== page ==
Not your grandfather’s Dow Jones

If you talk to the average stockbroker, or even regular office guy with a 401k, they’ll tell you how stocks always go up over time; just look at the history of the Dow Jones Industrial Average. Forget the effects of inflation, what they also neglect to factor into their stunningly ignorant equation is that the Dow is not the Dow of yore. It’s barely even the Dow of yesterday.

The century-old Dow Jones Industrial Average was reshuffled yesterday in a way that reflects the strains from the recent recession, globalization and information-technology revolution on American businesses. Three venerable but declining companies — AT&T Corp., International Paper and Eastman Kodak — were replaced by three recent winners in today’s globe-spanning competition: insurance giant American International Group Inc.; the largest local U.S. phone company, Verizon Communications; and the world’s biggest drug company, Pfizer Inc.

Why? Well, according to the managing editor of the Wall Street Journal: “Evolutionary trends in the economy and the stock market — in particular, the rise of financial and health care stocks and “the diminishing relative weight of basic materials stocks” But apparently no one told the traders that they were supposed to explain it in terms that make the average guy’s eyes glaze over: “They’re putting in much larger companies that have had better results over the last couple of years,” said Owen Fitzpatrick, a portfolio manager at Deutsche Bank Private Wealth Management.” Yeah, I thought that might have something to do with it.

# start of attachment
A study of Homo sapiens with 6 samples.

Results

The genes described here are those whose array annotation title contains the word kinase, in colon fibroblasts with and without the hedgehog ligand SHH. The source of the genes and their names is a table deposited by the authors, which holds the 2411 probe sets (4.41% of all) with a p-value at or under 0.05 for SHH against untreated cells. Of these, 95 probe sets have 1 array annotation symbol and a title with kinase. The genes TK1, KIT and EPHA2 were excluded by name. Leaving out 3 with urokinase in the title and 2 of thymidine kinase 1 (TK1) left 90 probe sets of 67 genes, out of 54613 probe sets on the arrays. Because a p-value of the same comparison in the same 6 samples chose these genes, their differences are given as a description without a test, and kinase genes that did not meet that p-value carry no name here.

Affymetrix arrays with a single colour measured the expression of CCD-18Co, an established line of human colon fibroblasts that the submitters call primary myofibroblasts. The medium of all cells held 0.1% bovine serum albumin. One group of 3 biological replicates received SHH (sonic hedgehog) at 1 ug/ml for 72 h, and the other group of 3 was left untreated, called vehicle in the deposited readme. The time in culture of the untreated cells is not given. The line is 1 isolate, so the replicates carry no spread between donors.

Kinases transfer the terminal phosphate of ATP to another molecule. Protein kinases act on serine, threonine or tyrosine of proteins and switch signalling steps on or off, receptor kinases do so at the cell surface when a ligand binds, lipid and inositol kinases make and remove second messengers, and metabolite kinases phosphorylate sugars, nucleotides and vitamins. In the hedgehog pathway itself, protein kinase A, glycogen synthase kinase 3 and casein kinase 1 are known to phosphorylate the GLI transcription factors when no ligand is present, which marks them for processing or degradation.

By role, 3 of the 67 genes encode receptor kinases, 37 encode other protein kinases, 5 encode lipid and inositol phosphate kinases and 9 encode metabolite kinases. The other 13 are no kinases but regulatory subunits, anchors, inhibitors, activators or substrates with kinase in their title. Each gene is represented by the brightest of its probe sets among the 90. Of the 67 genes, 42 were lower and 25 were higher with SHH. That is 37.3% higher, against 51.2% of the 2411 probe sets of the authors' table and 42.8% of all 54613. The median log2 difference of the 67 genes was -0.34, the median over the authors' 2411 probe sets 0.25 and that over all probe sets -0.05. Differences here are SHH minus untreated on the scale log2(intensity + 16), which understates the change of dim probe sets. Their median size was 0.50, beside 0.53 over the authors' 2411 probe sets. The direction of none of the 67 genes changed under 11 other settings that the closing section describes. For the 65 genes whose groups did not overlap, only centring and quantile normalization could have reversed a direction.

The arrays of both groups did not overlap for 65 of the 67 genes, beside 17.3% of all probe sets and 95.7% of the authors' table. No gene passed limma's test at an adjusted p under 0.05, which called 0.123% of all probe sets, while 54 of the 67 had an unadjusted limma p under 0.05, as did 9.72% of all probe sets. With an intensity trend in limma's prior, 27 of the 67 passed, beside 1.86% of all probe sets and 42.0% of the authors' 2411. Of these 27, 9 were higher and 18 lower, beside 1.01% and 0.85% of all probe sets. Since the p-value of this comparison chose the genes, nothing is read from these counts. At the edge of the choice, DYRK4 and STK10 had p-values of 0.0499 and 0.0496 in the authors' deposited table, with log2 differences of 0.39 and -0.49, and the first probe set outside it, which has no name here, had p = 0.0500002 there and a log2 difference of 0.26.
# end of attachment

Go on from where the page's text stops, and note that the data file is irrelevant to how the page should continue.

The 1999 makeover also heralded the ascendance of “new economy” technology bellwethers such as SBC, Microsoft Corp. and Intel Corp., over the “old economy” icons they replaced: Sears, Roebuck & Co., Union Carbide Corp., Chevron Corp. and Goodyear Tire & Rubber Co. Home Depot Inc., a hardware chain store whose meteoric rise has mirrored record growth in home sales and the remodeling industry, also was added to the Dow at that time.

So, if you get rid of the worst-performing ten percent of the index and replace them with fast-growing new companies every five years, you can keep things moving onward and upward forever. It’s almost the opposite of the management of the Consumer Price Index, which excludes, through hedonics interpretation, “substitution” or simple exclusion, all the prices that are going up. Are you noticing a pattern here?

Mutating metrics. Interesting times.